His name isn’t Jonah, but one man was nearly swallowed by a whale off the coast of Cape Cod, Mass. And now commercial lobster diver Michael Packard is sharing what it’s like to end up in the mouth of a humpback.
Michael thought he was “going to die” in the mouth of the whale.
His first thought was that he’d been attacked by one of the white sharks common to the Cape Cod area. But then he realized that whatever had him captive didn’t have teeth. “I said, ‘Oh my god, I’m in the mouth of a whale.’”
As the humpback thrashed Michael around in its mouth, he lost his breathing regulator. “This is how you’re going to die. In the mouth of a whale,” he recalls thinking.
Believing the end was nigh, Michael thought about his wife, sons, mother, and the rest of his family. “I just was struggling, but I knew this was this massive creature, there was no way I was going to bust myself out of there,” he said.
After more than 30 excruciating seconds, the whale tossed Michael out of its mouth and even out of the water. “I was just laying on the surface floating and saw his tail, and he went back down, and I was like, ‘Oh my god, I got out of that, I survived,’” he said.
His crew mate saw the whole thing.
Josiah Mayo, Micheal’s crew mate, watched the encounter from their boat. “It was just a huge splash and kind of thrashing around,” Josiah told 10 Boston. “I saw Michael kind of pop up within the mess and the whale disappeared.”
And harbormaster Don German initially thought the story was too strange to be believed. “Honestly, we all kind of thought, ‘OK, this is farfetched,’ but then, when we got word from the injured gentleman, we realized it was an actual incident.”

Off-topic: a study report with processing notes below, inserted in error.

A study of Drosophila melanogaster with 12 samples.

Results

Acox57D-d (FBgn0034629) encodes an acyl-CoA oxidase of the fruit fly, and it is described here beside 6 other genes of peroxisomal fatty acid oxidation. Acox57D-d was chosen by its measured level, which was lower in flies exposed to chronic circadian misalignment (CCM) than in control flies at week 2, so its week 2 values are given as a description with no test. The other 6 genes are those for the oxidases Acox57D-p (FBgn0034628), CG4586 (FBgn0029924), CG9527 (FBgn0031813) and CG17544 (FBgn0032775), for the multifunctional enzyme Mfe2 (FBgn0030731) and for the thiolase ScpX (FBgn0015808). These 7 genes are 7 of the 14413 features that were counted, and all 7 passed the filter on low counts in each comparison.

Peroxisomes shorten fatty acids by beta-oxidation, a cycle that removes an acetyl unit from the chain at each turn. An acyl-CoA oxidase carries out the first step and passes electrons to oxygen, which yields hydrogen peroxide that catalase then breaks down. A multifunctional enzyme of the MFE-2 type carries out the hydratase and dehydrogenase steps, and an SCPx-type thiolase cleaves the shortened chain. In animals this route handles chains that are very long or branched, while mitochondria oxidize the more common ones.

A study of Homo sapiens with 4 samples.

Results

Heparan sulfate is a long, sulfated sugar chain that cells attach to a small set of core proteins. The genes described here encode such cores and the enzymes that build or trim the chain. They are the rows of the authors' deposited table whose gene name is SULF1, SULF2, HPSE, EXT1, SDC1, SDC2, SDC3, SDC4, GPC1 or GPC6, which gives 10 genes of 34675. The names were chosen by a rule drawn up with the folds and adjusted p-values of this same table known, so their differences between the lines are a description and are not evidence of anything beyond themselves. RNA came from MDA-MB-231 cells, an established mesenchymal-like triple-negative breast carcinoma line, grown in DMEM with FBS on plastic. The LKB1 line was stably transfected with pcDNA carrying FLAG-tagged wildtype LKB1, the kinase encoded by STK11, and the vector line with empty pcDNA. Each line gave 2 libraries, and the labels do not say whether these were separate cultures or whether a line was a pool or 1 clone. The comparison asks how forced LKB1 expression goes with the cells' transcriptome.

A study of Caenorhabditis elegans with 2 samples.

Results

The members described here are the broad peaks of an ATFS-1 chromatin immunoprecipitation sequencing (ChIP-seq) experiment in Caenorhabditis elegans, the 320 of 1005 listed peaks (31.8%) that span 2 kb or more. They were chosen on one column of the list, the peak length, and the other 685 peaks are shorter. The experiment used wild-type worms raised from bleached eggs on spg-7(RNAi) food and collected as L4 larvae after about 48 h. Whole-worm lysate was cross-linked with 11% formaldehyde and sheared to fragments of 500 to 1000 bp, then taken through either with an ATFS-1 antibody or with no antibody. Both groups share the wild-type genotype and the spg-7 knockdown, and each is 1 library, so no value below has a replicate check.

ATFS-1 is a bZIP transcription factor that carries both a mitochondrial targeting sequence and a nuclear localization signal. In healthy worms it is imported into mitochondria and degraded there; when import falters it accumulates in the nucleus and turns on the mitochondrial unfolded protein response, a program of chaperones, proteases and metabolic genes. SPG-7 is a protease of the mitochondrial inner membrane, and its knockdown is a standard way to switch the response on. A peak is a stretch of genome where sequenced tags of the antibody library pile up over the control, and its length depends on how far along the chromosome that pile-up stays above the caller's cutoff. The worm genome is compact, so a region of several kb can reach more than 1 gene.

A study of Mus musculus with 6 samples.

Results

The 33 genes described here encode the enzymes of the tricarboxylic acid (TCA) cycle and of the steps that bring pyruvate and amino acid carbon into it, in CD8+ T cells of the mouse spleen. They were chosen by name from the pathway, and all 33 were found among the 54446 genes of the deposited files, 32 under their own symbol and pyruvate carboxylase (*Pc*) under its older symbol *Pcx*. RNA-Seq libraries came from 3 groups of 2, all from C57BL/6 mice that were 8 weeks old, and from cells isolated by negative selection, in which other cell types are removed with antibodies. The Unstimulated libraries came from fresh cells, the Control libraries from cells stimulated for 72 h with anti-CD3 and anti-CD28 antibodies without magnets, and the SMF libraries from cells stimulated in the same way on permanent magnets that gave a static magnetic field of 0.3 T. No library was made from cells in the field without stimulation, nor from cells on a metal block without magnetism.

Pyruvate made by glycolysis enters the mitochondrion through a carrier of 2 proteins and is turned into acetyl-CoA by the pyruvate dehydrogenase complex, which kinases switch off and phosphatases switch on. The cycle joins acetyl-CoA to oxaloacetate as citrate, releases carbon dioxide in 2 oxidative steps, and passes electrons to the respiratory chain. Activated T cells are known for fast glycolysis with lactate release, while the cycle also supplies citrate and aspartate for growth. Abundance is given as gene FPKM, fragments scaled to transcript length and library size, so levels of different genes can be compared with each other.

Dr. Jooke Robbins of the Center for Coastal Studies in Provincetown, Mass., told 10 Boston that whales lunge through the water with their mouths open to take fish into their mouth. “If something lies directly in the path of a lunge feeding humpback whale, the whale might not always be able to detect it or avoid it in time,” he explained. “For example, some entanglements in fishing gear begin this way and can threaten the life of the whale.”
Cheating death is becoming a habit for the diver.
Miraculously, Michael only suffered a dislocated knee and soft tissue damage in his tangle with a humpback whale. And now he’s raring to recover and get back into the water, 10 Boston reports.
Even more miraculously, Michael survived another brush with death two decades ago: He was badly injured in a 2001 plane crash in Costa Rica, suffering severe injuries to his face and multiple broken bones in his arms and legs, according to the Cape Cod Times.
“In Costa Rica, they call me Milagro Mike, and now I’m times two, here,” he said to 10 Boston.
Here’s wishing the guy a less dramatic life from here on!